Cars to Computers: Thailand Floods demonstrate Climate Change Global Impact
October 31, 2011
Toyota says it’s shutting down its North American production tomorrow for one day and halting overtime at several U.S. plants. It’s because the automaker can’t get parts from Thailand. Thailand is a global car manufacturing hub, and deadly floods there are damaging carmakers’ facilities. Toyota’s plants in Thailand will be shut through the end of next week. Ford and GM have also suspended production. Honda delayed the release of a new model because it couldn’t get the necessary parts. Thailand is also one of the world’s largest producers of hard-disk drives and other computer parts. Sony, Canon and Toshiba are all experiencing production slowdowns. Apple says the flooding has also affected the supply of parts for its Mac computers.
Toyota says it will suspend production at its assembly plants in Indiana, Kentucky and Ontario, Canada, along with an engine factory in West Virginia to cope with a shortage of parts, caused by flooding in Thailand. The parts shortage is beginning to affect global operations.
The plants will remain closed on Saturday while Toyota “will continue to monitor the supply situation in Thailand.” the company’s North American unit said in a statement. Before, Toyota had said it would adjust production at its vehicle production plants in Japan from October 24 through October 28, after which “a decision on production hours from October 29 onward will be made based on an assessment of the situation as it develops.”
It is said that about 100 kinds of parts are affected, including electronic items.
TAIPEI, Oct 28 (Reuters) – Taiwan’s Acer Inc expects fourth quarter sales to fall as much as 10 percent from the previous three months and will raise prices as flooding in Thailand disrupts supplies of hard disk drives for PCs.
The company told an investor conference on Friday that it hopes to see some improvement in the supply of hard disks in the first quarter of next year, but added that with prices for disks rising up to 20 percent, it needs to take action.
The most damaging natural disaster in Thailand history is growing more serious, as the flood waters besieging the capital of Bangkok continue to overwhelm defenses and inundate the city. Heavy rains during September and October have led to extreme flooding that has killed 373 people and caused that nation’s most expensive natural disaster in history, with a cost now estimated at $6 billion. Thailand’s previous most expensive disaster was the $1.3 billion price tag of the November 27, 1993 flood, according to the Centre for Research on the Epidemiology of Disasters (CRED).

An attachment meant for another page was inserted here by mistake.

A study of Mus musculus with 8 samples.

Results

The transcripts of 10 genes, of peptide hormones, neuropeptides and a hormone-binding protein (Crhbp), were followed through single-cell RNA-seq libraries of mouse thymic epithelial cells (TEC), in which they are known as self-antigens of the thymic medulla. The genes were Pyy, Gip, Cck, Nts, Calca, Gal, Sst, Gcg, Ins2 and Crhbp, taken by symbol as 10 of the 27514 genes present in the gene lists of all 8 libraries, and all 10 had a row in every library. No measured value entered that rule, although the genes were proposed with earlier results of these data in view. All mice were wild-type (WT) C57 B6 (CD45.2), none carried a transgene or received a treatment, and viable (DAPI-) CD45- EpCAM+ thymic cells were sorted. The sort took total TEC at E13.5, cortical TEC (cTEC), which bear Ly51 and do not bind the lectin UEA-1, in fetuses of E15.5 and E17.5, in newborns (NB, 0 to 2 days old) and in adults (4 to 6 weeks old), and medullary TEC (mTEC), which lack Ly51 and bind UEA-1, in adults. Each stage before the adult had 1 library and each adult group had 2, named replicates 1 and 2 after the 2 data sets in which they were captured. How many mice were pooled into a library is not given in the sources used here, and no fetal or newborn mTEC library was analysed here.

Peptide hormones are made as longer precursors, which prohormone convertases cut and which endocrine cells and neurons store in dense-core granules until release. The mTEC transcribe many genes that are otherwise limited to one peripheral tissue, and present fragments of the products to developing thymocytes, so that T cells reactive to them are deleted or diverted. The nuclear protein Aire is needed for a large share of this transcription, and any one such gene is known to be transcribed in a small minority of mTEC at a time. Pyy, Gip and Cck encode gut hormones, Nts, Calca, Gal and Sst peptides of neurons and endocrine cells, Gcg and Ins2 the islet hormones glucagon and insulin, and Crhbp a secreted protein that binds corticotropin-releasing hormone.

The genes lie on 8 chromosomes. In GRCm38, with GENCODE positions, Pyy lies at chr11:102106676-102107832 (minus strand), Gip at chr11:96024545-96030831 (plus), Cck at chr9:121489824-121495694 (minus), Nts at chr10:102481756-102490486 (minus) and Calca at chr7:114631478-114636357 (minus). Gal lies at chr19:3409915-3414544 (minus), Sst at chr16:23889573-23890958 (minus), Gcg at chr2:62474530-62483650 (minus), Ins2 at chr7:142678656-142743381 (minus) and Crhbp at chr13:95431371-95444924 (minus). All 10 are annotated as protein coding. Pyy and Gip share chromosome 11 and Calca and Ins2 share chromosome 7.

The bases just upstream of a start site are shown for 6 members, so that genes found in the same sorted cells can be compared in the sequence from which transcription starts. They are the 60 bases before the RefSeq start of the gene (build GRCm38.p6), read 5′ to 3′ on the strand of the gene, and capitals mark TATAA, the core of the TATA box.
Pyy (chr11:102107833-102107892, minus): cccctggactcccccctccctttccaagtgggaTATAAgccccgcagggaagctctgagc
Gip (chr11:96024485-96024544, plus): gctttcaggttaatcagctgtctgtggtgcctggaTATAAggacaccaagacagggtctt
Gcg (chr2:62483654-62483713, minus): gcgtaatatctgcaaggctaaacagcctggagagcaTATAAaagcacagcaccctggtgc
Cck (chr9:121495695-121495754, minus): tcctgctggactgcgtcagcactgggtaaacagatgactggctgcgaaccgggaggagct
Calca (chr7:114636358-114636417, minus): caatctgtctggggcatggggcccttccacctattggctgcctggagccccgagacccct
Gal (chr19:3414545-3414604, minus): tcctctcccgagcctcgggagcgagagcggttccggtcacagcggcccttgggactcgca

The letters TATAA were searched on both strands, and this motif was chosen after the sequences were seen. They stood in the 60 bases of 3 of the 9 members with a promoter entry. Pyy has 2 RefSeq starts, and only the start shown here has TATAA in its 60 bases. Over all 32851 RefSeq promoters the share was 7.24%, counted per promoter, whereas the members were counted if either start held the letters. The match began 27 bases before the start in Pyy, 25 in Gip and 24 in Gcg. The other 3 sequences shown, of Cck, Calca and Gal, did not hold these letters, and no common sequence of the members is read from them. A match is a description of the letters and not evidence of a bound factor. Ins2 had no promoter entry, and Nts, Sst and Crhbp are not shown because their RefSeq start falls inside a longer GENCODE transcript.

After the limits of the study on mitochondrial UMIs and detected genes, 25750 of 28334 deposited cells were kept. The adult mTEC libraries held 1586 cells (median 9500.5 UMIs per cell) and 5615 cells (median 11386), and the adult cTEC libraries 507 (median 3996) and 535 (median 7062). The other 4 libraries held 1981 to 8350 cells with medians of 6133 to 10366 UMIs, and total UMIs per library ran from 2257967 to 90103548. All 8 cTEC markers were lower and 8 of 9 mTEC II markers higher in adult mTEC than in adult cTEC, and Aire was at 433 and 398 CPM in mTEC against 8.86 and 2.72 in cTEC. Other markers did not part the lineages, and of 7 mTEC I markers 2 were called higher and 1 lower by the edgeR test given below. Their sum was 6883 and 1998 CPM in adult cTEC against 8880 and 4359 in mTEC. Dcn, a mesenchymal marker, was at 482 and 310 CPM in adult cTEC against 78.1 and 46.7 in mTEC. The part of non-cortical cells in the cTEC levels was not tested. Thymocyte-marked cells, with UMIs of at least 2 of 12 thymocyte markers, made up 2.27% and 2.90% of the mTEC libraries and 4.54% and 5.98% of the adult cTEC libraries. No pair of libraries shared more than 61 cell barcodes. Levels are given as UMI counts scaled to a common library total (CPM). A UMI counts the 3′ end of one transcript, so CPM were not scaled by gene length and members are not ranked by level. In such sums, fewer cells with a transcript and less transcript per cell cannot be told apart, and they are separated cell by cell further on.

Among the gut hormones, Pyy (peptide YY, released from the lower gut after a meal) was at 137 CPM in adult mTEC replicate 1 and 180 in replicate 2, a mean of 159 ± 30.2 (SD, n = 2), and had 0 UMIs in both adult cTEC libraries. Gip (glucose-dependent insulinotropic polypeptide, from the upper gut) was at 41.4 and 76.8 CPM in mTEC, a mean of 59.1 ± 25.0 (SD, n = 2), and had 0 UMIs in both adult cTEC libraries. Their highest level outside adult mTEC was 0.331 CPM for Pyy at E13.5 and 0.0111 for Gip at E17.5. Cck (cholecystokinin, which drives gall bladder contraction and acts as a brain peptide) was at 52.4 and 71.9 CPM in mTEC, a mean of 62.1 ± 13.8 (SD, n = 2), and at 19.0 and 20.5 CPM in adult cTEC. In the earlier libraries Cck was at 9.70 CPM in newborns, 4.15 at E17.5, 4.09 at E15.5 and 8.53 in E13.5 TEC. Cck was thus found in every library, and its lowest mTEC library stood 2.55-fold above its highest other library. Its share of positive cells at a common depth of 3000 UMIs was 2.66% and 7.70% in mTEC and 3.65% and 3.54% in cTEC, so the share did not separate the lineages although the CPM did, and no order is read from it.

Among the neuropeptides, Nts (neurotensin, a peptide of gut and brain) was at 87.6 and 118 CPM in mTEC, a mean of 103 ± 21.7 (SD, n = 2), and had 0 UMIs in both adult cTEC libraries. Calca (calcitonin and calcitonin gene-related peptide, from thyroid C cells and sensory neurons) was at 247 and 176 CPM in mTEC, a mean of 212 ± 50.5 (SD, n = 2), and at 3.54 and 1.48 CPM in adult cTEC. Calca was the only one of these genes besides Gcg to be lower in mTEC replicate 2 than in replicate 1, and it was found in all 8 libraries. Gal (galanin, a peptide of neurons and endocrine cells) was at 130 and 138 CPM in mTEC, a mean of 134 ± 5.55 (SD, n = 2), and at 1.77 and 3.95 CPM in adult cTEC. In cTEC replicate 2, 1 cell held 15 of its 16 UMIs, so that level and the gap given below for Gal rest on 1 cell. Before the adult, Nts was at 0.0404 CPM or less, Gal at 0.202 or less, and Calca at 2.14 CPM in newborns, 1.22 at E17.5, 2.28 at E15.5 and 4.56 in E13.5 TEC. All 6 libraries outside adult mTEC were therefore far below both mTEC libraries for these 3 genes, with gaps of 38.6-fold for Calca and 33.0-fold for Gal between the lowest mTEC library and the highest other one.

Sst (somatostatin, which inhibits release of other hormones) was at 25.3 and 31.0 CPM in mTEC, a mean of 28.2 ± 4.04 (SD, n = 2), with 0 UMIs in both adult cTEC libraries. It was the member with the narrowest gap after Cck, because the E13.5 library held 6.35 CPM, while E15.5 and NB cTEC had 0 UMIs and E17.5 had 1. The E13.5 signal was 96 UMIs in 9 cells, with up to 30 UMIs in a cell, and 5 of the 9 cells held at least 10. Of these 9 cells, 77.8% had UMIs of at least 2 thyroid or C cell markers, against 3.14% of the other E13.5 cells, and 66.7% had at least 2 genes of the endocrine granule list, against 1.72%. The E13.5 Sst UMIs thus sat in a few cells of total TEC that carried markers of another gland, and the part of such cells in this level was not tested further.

Floodwaters have swamped fields and cities in a third of Thailand’s provinces, affected 9 million people, and damaged approximately 10% of the nation’s rice crop. Thailand is the world’s largest exporter of rice, so the disaster may put further upward pressure on world food prices, which are already at the highest levels since the late 1970s.
Ocean temperatures in the waters surrounding Thailand during September and October have been approximately 0.3°C above average, which has increased rainfall amounts by putting more water vapor into the air. The remains of Tropical Storm Haitang and Typhoon Nesat also brought heavy rains in late September which contributed to the flooding.
Thailand’s worst floods in more than a half century may have wiped out as much as 14 percent of paddy fields in the world’s biggest rice exporter, potentially erasing the predicted global glut.
The Thai export price, a global benchmark, may climb 21 percent to $750 a metric ton by December, according to Sumeth Laomoraphorn, president of C.P. Intertrade Co., the country’s largest seller of packaged rice. Tropical storms inundated 62 of 77 provinces, destroying 1.4 million hectares (3.5 million acres) and as much as 7 million tons of crops, the government says. That equals 4.6 million tons of milled grain, 1 million more than the surplus expected by the U.S. Department of Agriculture.
Rice, a staple for half the world, was already this year’s best-performing agricultural commodity after drought cut the U.S. harvest to the lowest level in 13 years. Prices also rose as Thailand started buying at above-market costs to boost farmer incomes. That is adding renewed pressure to global food prices monitored by the United Nations, which had dropped 5 percent from a record in February as other grains declined.
“I’ve never seen such a catastrophe, watching the field turning into a sea of floodwater,” said Wichian Phuanglamchiak, a 74-year-old farmer in the central province of Ayutthaya, speaking from the second floor of his house. “My entire crop was wiped out and I have to wait for the water to recede before I can replant in December.”